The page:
By: Congressman John Conyers, Jr. (MI-14)
In a few weeks, the American people will be presented with a stark choice in the polling booth. This November 6th, Election Day, has become more than just a contest to determine which man will sit in the White House for the next four years. In effect, the outcome of this presidential race will determine which vision for our country's future we pursue for the next generation.
The challenger, Mitt Romney, has put forward a vision that is cobbled together with antiquated ideas and failed policies of the past. As David Axelrod suggested in May, Mr. Romney has the, "foreign policy of the 1980s, the social policy of the 1950s and the economic policies of the 1920s." In constructing his plan for the future, Mr. Romney looks backward towards the top down policies that crashed the American economy and diminished our stature in the global community. On everything from women's healthcare issues, to LGBT rights, to protections afforded to immigrants, Mr. Romney seeks to get in the way of progress.
In contrast, President Obama offers a forward thinking vision that builds on the historic accomplishments achieved in his first term. President Obama's competing plan envisions an inclusive economy built to last, with a thriving middle class and a level playing field. Rather than provide millionaires and billionaires at the top with another budget busting tax cut, President Obama envisions a balanced growth plan that strengthens our social programs and fosters innovation in fields such as advanced manufacturing. And, rather than turn the clock back on women, gay and lesbian individuals, or the underprivileged, President Obama seeks to embolden and advance their hard fought rights.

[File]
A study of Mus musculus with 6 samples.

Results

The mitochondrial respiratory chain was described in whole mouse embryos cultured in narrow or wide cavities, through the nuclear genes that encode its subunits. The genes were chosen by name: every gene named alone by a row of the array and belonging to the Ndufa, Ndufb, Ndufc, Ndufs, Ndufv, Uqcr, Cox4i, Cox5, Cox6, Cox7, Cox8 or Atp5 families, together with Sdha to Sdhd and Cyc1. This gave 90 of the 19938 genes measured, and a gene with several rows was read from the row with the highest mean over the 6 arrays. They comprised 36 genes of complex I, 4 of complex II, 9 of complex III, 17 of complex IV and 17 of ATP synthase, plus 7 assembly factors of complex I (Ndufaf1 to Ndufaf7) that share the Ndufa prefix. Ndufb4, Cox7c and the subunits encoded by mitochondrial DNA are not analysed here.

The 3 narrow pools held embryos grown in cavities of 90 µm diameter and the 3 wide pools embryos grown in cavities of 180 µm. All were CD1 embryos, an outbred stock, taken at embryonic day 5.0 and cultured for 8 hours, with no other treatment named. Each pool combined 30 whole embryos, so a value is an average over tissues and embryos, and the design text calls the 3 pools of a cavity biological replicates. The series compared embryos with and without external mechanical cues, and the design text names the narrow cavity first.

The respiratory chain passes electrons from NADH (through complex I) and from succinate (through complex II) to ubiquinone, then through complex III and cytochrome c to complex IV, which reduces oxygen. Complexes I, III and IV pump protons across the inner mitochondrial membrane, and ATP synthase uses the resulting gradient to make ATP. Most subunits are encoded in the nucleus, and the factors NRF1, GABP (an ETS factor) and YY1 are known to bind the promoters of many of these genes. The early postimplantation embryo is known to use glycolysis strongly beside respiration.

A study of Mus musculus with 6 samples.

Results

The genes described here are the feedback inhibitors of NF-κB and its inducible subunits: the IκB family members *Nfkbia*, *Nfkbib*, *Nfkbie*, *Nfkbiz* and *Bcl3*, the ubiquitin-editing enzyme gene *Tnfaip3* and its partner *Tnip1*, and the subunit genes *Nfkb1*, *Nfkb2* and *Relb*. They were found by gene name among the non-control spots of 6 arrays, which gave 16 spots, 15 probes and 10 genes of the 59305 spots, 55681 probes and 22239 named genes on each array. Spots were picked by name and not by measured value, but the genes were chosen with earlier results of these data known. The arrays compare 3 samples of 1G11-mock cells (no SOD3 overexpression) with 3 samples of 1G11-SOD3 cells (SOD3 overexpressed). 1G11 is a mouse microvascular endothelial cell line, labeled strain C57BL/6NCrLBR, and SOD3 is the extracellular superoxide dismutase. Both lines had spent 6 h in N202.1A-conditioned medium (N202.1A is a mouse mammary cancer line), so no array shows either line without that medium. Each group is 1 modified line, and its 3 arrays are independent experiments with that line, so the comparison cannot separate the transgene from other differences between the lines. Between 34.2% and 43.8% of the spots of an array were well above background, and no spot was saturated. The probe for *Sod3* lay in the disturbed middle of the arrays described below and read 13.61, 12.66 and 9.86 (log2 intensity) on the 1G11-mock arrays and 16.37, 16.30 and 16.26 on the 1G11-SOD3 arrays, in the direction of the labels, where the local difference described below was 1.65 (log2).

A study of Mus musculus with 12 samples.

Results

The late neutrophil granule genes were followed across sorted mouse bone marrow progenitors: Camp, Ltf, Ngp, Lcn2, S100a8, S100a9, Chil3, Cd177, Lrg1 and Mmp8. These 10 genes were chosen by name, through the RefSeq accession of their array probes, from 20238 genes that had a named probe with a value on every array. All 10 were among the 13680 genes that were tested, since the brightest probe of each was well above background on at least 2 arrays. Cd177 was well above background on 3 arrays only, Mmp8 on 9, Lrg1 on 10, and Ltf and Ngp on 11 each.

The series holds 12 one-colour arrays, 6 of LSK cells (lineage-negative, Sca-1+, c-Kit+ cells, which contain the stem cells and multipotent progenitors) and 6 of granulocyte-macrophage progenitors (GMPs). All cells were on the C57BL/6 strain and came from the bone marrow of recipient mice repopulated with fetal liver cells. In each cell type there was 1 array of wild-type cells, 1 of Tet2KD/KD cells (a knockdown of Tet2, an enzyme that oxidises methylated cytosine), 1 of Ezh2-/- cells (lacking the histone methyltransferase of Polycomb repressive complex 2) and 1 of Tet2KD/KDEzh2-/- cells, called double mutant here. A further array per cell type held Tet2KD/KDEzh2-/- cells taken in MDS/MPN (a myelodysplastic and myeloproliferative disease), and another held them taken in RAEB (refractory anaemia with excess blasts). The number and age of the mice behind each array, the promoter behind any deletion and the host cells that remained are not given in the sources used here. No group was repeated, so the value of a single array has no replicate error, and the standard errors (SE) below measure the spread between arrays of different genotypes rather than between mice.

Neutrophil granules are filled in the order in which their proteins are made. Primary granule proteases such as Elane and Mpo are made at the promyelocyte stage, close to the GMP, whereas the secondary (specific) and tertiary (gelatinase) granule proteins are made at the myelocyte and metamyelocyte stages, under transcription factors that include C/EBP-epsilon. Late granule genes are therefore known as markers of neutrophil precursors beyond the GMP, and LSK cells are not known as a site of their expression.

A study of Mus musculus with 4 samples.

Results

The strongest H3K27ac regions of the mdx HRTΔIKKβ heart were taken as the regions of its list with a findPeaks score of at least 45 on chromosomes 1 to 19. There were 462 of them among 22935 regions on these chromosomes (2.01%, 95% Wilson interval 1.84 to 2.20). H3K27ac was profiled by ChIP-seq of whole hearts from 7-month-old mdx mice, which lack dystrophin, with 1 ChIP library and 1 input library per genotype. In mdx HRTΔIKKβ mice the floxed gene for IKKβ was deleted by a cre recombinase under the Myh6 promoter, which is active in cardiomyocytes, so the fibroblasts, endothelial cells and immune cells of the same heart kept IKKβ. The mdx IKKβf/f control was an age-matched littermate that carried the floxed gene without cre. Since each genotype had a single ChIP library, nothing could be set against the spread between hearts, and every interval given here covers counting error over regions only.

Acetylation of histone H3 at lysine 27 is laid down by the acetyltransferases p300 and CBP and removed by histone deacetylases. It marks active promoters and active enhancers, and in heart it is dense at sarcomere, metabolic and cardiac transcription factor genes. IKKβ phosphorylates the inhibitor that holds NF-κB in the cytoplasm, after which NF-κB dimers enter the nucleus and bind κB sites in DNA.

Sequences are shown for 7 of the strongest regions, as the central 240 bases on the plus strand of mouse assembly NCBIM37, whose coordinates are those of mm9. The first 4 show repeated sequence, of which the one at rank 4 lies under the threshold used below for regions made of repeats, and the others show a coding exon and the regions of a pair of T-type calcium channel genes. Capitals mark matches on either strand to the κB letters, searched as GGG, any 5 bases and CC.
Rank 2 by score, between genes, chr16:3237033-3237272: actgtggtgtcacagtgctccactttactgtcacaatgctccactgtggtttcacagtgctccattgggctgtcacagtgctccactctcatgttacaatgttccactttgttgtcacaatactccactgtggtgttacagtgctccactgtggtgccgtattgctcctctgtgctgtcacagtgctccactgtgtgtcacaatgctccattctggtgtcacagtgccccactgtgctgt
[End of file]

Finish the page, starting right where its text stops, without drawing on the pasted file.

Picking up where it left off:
Indeed, a Romney presidency would do much more than just look backwards for guidance. His presidency would actively undo most of the historic reforms that President Obama worked tirelessly for. Specifically, here is what is most at stake this election:
- The Patient Protection and Affordable Care Act - Commonly called "Obamacare," Mr. Romney has repeatedly pledged to repeal this near-universal health care legislation on the first day of his presidency. In doing so, Mr. Romney would rid tens of millions of people of their health insurance, revert to the broken status quo wherein preexisting conditions are not covered, and young adults up to age 26 would not be able to stay on their parent's health care plan.
Mr. Conyers is the second most senior member in the House of Representatives. Congressman Conyers is also one of the 13 founding members of the Congressional Black Caucus (CBC) and is considered the Dean of that group. Formed in 1969, the CBC was founded to strengthen African-American law makers' ability to address the legislative concerns of Black and minority citizens.